Paper fliers. Print advertisements. Billboards. Email marketing has become all of these methods rolled into one.
For a restaurant owner, it can be one of the most effective ways to communicate with guests since it’s one of the few marketing methods that goes directly to potential customers inboxes and informs them of an event, special or news. It’s an important part of an arsenal of tools that today’s restaurant owners use to set themselves apart, bring in new guests and drive revenue.
“The reason why email marketing is crucial is because it’s an opportunity for restaurants to engage,” says Chris O’Leary, founder of Epicure Digital Marketing. “Everyone on an email list wants to be there, so you have a captive audience that is having an interaction with a restaurant they like.” At Epicure Digital Marketing, he and his team focus on helping restaurants craft a marketing plan that speaks to what they do best. It all starts with what Chris calls a “nugget of gold,” or a brand narrative that gets to the heart of what that restaurant is all about. “What we specialise in is ‘storytelling marketing,’ he explains. “We help create a brand narrative and editorial calendar around ten to twenty words that summarise the restaurant.” From there he helps create marketing emails that go out to subscribers.
Here, he talks to Open for Business about how to build an email marketing campaign that will draw in new guests and delight existing fans.
Build your database
So, you’ve decided to start an email newsletter for your restaurant. What’s the first step you need to take to make it successful? Work on adding as many people as possible to your list. If you’re just starting out he recommends that you add an email capture feature to your business’ existing website and include an offer to go with it. “One way to get people to add their email to a list is to add a compelling hook,” he advises. “For example, if someone signs up they get a free bisque or a or beer. Add that offer to your social media posts too, to encourage email sign ups.”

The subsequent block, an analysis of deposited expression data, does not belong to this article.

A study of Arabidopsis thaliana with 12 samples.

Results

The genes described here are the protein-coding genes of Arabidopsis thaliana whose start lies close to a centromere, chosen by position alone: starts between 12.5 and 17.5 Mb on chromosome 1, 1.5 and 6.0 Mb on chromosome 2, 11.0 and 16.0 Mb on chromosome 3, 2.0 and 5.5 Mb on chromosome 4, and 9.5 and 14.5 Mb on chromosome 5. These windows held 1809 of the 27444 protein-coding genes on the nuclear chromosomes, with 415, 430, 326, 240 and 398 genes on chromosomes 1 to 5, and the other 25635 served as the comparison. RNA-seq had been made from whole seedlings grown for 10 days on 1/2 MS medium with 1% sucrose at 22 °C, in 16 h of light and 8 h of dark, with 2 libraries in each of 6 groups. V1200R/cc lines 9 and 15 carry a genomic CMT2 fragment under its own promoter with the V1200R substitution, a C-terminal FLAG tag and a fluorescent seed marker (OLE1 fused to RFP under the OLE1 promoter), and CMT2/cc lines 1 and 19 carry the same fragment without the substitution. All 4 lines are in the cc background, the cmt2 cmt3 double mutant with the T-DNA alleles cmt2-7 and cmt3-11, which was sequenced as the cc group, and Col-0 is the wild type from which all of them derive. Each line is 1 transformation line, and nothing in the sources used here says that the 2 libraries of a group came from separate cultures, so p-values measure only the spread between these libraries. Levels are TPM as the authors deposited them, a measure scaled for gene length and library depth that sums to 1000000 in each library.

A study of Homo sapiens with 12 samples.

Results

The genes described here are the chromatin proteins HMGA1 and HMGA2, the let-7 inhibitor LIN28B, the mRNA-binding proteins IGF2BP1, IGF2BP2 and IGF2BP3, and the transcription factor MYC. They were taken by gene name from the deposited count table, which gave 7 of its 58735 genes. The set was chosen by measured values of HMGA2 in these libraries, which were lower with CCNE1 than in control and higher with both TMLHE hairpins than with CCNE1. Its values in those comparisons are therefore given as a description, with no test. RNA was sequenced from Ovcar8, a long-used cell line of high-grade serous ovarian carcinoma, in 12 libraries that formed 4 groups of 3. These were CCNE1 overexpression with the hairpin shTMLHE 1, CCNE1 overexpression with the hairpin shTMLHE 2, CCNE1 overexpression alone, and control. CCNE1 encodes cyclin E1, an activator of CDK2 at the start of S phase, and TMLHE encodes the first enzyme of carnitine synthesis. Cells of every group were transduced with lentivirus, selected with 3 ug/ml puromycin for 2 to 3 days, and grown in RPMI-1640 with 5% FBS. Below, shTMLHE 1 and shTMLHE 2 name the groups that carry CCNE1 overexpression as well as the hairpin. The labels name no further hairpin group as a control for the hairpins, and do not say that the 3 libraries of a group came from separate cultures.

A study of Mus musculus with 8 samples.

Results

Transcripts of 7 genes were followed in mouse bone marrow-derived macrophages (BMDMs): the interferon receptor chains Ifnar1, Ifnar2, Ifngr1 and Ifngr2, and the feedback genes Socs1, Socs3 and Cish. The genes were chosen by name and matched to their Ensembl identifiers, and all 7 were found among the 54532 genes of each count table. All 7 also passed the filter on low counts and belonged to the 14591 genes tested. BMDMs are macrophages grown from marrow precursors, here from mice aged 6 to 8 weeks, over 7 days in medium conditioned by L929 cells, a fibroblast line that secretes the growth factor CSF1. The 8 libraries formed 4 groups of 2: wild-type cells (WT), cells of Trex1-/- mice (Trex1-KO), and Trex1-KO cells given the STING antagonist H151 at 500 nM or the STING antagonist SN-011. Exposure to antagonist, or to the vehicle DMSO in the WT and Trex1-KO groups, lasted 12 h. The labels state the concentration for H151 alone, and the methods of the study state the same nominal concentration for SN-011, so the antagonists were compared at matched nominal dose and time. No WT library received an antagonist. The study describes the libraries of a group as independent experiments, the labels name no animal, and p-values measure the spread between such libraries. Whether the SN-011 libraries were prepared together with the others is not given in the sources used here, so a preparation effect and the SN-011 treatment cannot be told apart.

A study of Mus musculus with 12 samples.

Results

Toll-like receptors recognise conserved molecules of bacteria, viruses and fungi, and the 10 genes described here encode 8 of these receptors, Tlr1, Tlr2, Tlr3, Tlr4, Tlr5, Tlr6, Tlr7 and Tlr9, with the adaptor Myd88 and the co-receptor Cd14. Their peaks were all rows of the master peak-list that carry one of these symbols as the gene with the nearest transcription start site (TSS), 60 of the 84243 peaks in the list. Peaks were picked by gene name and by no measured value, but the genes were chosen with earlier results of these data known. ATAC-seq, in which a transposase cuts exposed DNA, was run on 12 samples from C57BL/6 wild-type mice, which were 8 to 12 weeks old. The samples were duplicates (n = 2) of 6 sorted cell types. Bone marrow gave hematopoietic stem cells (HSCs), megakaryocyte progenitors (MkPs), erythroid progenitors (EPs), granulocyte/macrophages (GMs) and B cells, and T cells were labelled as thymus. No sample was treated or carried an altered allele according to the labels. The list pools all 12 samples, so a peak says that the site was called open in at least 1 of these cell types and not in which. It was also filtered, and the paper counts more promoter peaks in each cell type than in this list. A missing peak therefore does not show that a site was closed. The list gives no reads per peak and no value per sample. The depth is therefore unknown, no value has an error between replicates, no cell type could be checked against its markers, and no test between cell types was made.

Diners should also be asked to join the email list. O’Leary says something as simple as having a container where people can leave their business cards is a great way to start to capture emails and add them to your subscriber list. “Also, when people come in and dine, offer them a chance to join the email list by asking servers to mention it.”
Content before coupons
Surprisingly, customers don’t just want coupons when they sign up for an email newsletter, says O’Leary. “Customers don’t want offers they want content,” he says. While coupons and offers add value, content that is relevant to your restaurant, whether it’s an article or blog post, adds a story which carries its own sort of value. “If a seafood restaurant started a promotion with a seasonal micro brew and sent an email about the company behind that beer that would be a great way to tell a story and add value,” O’Leary says. After the content, add an offer or coupon to the bottom of the email. Once they’ve interacted with the content they’ll be more likely to see why it’s a value and want to come into the restaurant to participate in the offer.
Subject lines are important
Just like the title of a book, subject lines can attract or repel potential readers of your marketing emails. “The subject line is crucial,” says O’Leary. “Add some mystery or intrigue and make it short, sweet and punchy.” Sure, ‘September Newsletter’ is to the point but it’s not enough to make someone open an email. “In the early days of email you were so excited to get an email from someone that you opened it right away,” O’Leary says. “These days we all get loads of email so it really has to stand out for people to care.” Think about your own inbox. Which email subject lines make you want to open certain messages? Make your subject lines intriguing so your guests want to see what’s inside.
Building a list of email subscribers can be a slow process but it’s ultimately worth it. “An email reader is more interested than a social media reader,” he says. Email marketing is a great way to get guests to interact with your restaurant and become regulars.